While painters have always lifted particular places out of their dwelling and transported them elsewhere, paintings were time-consuming to produce, relatively difficult to transport and one-of-a-kind. The multiplication of photographs especially took place with the introduction of the half-tone plate in the 1880s that made possible the mechanical reproduction of photographs in newspapers, periodicals, books and advertisements. Photography became coupled to consumer capitalism and the globe was now offered ‘in limitless quantities, figures, landscapes, events which had not previously been utilised either at all, or only as pictures for one customer. With capitalism’s arrangement of the world as a ‘department store’, ‘the proliferation and circulation of representations … achieved a spectacular and virtually inescapable global magnitude’.

Source: The Tourist Gaze 3.0 by John Urry, Jonas Larsen

Does the bold part just mean "was important"? What exactly does the bold part mean?

  • Representation by art and photos became a very big thing. Important, true, but the sentence doesn't say that. Spectacular means very big, and magnitude means size. Sep 10, 2023 at 0:35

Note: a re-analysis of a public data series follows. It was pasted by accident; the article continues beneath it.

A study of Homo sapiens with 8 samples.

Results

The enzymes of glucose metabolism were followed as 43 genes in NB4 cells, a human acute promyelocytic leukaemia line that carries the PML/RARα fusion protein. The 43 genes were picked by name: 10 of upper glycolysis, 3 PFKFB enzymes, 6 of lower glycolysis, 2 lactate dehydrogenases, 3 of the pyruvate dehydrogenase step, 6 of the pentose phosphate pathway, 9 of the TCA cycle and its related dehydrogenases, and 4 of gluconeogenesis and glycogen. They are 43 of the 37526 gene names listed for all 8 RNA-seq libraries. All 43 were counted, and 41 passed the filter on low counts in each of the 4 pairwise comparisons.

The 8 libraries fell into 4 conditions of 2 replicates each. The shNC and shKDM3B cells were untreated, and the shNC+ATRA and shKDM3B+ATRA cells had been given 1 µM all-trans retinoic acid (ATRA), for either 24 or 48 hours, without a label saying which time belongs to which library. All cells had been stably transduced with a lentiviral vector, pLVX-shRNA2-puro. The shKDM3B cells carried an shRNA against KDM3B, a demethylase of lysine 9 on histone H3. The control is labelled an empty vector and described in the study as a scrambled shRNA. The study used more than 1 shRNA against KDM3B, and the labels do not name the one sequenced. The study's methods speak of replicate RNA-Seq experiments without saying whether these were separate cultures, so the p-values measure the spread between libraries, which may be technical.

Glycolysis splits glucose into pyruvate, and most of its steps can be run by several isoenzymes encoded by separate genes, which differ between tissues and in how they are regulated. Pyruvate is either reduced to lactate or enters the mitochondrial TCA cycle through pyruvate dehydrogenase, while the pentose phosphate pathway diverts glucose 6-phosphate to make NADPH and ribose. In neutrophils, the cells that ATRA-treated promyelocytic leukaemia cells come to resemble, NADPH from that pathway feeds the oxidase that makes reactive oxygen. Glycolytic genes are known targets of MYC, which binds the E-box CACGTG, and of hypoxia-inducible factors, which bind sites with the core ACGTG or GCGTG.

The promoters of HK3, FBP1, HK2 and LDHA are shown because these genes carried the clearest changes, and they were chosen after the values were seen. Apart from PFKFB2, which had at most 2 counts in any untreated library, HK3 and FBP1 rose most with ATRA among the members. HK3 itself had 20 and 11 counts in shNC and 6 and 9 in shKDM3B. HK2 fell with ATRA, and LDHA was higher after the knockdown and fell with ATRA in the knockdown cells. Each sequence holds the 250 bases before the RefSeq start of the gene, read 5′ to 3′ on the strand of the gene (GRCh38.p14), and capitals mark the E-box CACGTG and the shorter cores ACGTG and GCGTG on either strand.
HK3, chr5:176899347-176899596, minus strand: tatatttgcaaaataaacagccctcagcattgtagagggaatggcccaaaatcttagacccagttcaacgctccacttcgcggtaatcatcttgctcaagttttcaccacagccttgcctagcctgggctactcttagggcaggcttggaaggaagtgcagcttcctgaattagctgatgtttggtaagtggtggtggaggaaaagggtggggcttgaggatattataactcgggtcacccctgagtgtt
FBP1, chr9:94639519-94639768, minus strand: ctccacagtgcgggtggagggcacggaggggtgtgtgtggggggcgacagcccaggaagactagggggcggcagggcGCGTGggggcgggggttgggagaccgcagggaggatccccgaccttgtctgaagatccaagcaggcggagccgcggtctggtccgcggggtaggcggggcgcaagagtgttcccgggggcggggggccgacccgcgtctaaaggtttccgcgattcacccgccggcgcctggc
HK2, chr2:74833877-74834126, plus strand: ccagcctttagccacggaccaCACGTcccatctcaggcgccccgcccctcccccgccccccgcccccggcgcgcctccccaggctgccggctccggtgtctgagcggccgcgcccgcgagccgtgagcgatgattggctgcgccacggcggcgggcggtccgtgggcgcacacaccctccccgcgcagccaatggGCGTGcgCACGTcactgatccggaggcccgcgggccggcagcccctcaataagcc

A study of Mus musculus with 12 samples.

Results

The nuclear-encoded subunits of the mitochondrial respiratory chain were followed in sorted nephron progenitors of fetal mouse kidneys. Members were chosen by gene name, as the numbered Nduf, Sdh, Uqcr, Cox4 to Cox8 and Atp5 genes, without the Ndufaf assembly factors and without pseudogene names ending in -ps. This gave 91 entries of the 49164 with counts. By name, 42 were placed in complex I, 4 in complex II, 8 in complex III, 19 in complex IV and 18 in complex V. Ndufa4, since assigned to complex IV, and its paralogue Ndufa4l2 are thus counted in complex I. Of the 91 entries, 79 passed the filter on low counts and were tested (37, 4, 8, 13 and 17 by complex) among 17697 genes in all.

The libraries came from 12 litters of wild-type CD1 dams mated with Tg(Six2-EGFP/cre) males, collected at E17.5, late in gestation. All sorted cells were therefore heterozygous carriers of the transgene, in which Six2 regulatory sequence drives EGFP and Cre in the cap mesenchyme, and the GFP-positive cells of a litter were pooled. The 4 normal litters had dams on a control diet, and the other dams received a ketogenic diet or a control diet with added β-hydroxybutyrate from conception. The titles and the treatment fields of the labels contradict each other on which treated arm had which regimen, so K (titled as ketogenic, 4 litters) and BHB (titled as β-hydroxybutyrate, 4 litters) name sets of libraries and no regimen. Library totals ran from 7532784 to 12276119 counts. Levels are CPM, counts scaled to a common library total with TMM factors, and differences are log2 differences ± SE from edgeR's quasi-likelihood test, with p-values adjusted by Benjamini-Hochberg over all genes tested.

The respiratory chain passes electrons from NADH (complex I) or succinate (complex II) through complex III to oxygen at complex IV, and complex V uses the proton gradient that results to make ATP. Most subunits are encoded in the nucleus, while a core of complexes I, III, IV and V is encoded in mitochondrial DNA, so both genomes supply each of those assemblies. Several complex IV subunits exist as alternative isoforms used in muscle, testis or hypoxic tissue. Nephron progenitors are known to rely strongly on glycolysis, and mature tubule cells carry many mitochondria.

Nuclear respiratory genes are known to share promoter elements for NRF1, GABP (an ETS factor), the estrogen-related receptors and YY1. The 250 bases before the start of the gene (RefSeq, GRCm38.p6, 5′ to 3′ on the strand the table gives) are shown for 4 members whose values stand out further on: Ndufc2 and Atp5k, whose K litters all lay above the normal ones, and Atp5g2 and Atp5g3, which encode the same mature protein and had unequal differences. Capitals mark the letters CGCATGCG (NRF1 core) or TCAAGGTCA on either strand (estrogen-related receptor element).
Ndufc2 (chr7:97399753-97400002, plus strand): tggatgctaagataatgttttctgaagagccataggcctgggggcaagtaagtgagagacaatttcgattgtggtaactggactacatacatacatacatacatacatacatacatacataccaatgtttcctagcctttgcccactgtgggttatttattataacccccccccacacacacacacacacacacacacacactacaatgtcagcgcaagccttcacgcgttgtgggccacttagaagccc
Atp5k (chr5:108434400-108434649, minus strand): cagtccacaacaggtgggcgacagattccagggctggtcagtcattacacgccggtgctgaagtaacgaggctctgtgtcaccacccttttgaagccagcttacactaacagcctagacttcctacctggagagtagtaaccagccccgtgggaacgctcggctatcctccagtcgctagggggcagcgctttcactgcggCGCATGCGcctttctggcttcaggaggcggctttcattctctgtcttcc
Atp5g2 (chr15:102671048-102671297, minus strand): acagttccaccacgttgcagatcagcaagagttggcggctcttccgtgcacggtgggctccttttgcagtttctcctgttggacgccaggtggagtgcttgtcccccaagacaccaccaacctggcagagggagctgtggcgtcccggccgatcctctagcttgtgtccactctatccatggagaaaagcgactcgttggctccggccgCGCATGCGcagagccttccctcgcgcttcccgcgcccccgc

• You used the "word-meaning" tag, which is "for questions which a dictionary cannot answer about the meaning of a single word." Which word do you not understand? Sep 10, 2023 at 2:16
  • As there is no real connotation of effort and success in achieved a ... magnitude, the word "achieved" may/should be replaced by "reached".
    – Graffito
    Sep 10, 2023 at 8:31
  • It's an example of hyperbole, remove a spectacular and virtually inescapable and the meaning will become clearer.
    – Mari-Lou A
    Sep 10, 2023 at 9:55
  • fullbase1.com/entry/… That's why you asked about the meaning of the reality of reflection! You wanted to know if the answer to the quiz is "Art held up a mirror to the world". You should have said.
    – Mari-Lou A
    Sep 10, 2023 at 10:04

1 Answer 1


"the proliferation and circulation of representations [..] achieved a spectacular and virtually inescapable global magnitude"

It means that this proliferation was impressive and apparent by most on a global level.

I can't help but think that the word 'spectacular', normally used simply in the sense of 'impressive' or 'incredible', in the context of images and mechanical reproduction has the more direct meaning of relating to an image: the word comes from the Latin spectaculum, meaning 'show' or, indeed, 'spectacle', and is related to 'sight'; a sight to behold. Think also of the seminal work The Society of the Spectacle by Guy Debord.
In this light, 'spectacular' seems like a slight tongue-in-cheek word choice on the part of the author.